U.S. Senator Charles Schumer called on the Director of the Air National Guard on July 20 to immediately release an expedited timeline for the identification and cleanup of any and all PFOS pollution. Toxic PFOS, possibly from Stewart Air Base, has contaminated the City of Newburgh’s drinking water supply.
PFOS—perfluorooctanesulfonic acid—is a persistent environmental toxin believed to be responsible for a wide range of health problems, including cancer. Used in the fire-suppressing foam that military bases use to train soldiers in putting out plane fires, PFOS contamination has been found near other air bases.
In his letter to Lt. Gen. L. Scott Rice, director of the Air National Guard, Schumer said the Air National Guard committed to releasing a timeline and to award a contract for an interim site investigation. They have yet to deliver on that promise.
“The toxicity of PFOS and the justified worry it has caused in Newburgh means that business as usual is not good enough; the Air National Guard owes the people of Newburgh an expedited timeline and schedule. And waiting until the fall of this year is simply unacceptable,” Schumer wrote.
Schumer’s letter was preceded by a letter from Col. Keith MacDonald, director of logistics and installations for the Air Force, to Newburgh Mayor Judy Kennedy, in which he wrote of the Air Force’s possible responsibility for contaminated water in the City of Newburgh. The letter, obtained by the Mid-Hudson News, stated that the Air Force must first receive a report from the state Department of Environmental Conservation of what sampling it has done to measure a possible release of PFOS from the base.
MacDonald also wrote that the Air Force intends to let a contract by the end of July for sampling of soil and groundwater at 17 release points. That work, McDonald wrote, is expected to begin in September.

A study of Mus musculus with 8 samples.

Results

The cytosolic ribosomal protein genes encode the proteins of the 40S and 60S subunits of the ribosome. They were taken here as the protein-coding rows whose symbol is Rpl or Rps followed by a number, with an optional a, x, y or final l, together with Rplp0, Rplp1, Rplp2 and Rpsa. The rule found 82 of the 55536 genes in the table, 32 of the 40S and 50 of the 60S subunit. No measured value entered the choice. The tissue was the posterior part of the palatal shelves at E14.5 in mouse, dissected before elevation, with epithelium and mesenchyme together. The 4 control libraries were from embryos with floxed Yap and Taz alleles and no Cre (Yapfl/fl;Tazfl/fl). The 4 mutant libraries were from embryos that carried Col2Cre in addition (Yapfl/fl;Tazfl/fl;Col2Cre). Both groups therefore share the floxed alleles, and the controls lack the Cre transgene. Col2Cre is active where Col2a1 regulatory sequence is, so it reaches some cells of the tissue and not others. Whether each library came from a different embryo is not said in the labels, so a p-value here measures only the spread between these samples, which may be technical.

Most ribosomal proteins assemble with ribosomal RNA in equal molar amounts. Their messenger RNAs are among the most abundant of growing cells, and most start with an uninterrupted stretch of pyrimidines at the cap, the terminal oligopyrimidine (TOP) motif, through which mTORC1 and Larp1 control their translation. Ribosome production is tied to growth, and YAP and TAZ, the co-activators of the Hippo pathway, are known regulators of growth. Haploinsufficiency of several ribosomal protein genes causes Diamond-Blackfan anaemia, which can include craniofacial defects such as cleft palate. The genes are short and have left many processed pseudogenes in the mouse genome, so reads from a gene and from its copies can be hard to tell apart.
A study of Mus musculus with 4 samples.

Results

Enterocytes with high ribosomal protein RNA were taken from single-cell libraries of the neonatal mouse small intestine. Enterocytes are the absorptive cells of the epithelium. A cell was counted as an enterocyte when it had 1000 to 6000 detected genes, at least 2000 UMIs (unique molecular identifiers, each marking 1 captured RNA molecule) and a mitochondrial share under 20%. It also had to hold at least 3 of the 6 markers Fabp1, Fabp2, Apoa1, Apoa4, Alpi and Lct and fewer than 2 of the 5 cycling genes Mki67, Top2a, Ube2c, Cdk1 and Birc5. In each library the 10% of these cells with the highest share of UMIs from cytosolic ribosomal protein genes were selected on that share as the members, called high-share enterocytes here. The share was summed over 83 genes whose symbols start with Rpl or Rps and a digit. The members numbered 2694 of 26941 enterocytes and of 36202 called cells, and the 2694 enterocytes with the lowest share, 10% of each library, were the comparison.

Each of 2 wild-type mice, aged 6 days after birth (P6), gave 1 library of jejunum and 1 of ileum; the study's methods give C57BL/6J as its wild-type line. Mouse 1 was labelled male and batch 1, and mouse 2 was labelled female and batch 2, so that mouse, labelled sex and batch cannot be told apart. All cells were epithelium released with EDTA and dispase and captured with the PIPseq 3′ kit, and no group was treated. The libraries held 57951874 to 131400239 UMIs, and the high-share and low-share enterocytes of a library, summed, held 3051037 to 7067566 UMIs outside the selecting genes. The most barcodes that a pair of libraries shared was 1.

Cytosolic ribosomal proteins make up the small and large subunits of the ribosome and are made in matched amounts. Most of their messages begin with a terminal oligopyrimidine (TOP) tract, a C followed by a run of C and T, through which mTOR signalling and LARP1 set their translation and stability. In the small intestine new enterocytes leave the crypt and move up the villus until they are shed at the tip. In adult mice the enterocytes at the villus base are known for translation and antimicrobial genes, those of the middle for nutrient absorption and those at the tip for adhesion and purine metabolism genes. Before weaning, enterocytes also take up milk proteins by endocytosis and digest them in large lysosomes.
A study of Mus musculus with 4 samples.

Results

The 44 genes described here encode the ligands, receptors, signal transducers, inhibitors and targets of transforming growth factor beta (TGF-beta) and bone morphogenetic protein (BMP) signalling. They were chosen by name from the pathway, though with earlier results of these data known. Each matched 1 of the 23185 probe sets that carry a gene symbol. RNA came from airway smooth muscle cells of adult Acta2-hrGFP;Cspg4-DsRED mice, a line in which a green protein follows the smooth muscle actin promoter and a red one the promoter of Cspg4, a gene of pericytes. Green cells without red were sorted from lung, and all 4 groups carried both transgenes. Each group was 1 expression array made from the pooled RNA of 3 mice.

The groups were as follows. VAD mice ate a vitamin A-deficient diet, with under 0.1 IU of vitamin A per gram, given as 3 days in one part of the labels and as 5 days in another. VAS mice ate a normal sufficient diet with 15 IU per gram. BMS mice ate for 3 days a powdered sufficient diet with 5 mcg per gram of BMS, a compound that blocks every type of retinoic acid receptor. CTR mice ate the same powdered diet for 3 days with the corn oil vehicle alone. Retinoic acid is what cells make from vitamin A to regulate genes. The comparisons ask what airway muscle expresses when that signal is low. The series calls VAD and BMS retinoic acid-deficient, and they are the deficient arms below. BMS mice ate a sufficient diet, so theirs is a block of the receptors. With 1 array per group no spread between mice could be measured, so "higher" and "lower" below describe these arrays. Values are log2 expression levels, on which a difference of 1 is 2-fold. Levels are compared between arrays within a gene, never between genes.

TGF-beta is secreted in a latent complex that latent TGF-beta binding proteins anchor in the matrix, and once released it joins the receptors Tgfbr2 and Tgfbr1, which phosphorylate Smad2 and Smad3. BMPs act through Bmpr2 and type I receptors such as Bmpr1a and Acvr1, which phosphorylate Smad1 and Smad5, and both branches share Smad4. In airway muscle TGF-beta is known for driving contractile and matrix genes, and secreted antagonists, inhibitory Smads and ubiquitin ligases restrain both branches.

“If we confirm a release has occurred from Stewart ANGB [Air National Guard base], the ANG will work with the City of Newburgh and local, state and federal officials to determine the optimal mitigation actions,” MacDonald wrote.
It was revealed on May 2 that Silver Stream and Washington Lake in the City of Newburgh were found to contain PFOS. Washington Lake had been Newburgh’s primary source of water, and it began purchasing water from the New York City Catskill aqueduct.
Following the discovery of PFOS in Newburgh, Schumer, with Sen. Kirsten Gillibrand and Rep. Sean Patrick Maloney, called on the U.S. Environmental Protection Agency (EPA) to immediately provide testing and planning assistance to Newburgh.
In his July 20 letter, Schumer told the Air National Guard that mitigating the situation cannot be handled as business as usual. “The potential human toxicity of this chemical, the fear and uncertainty that its presence spreads and its presence in a vital drinking water source strongly argues for an expedited approach to source identification and clean-up.”
“I understand that there is a standard process, and rules concerning bids,” he said, “but in this case, business as usual is just not good enough.”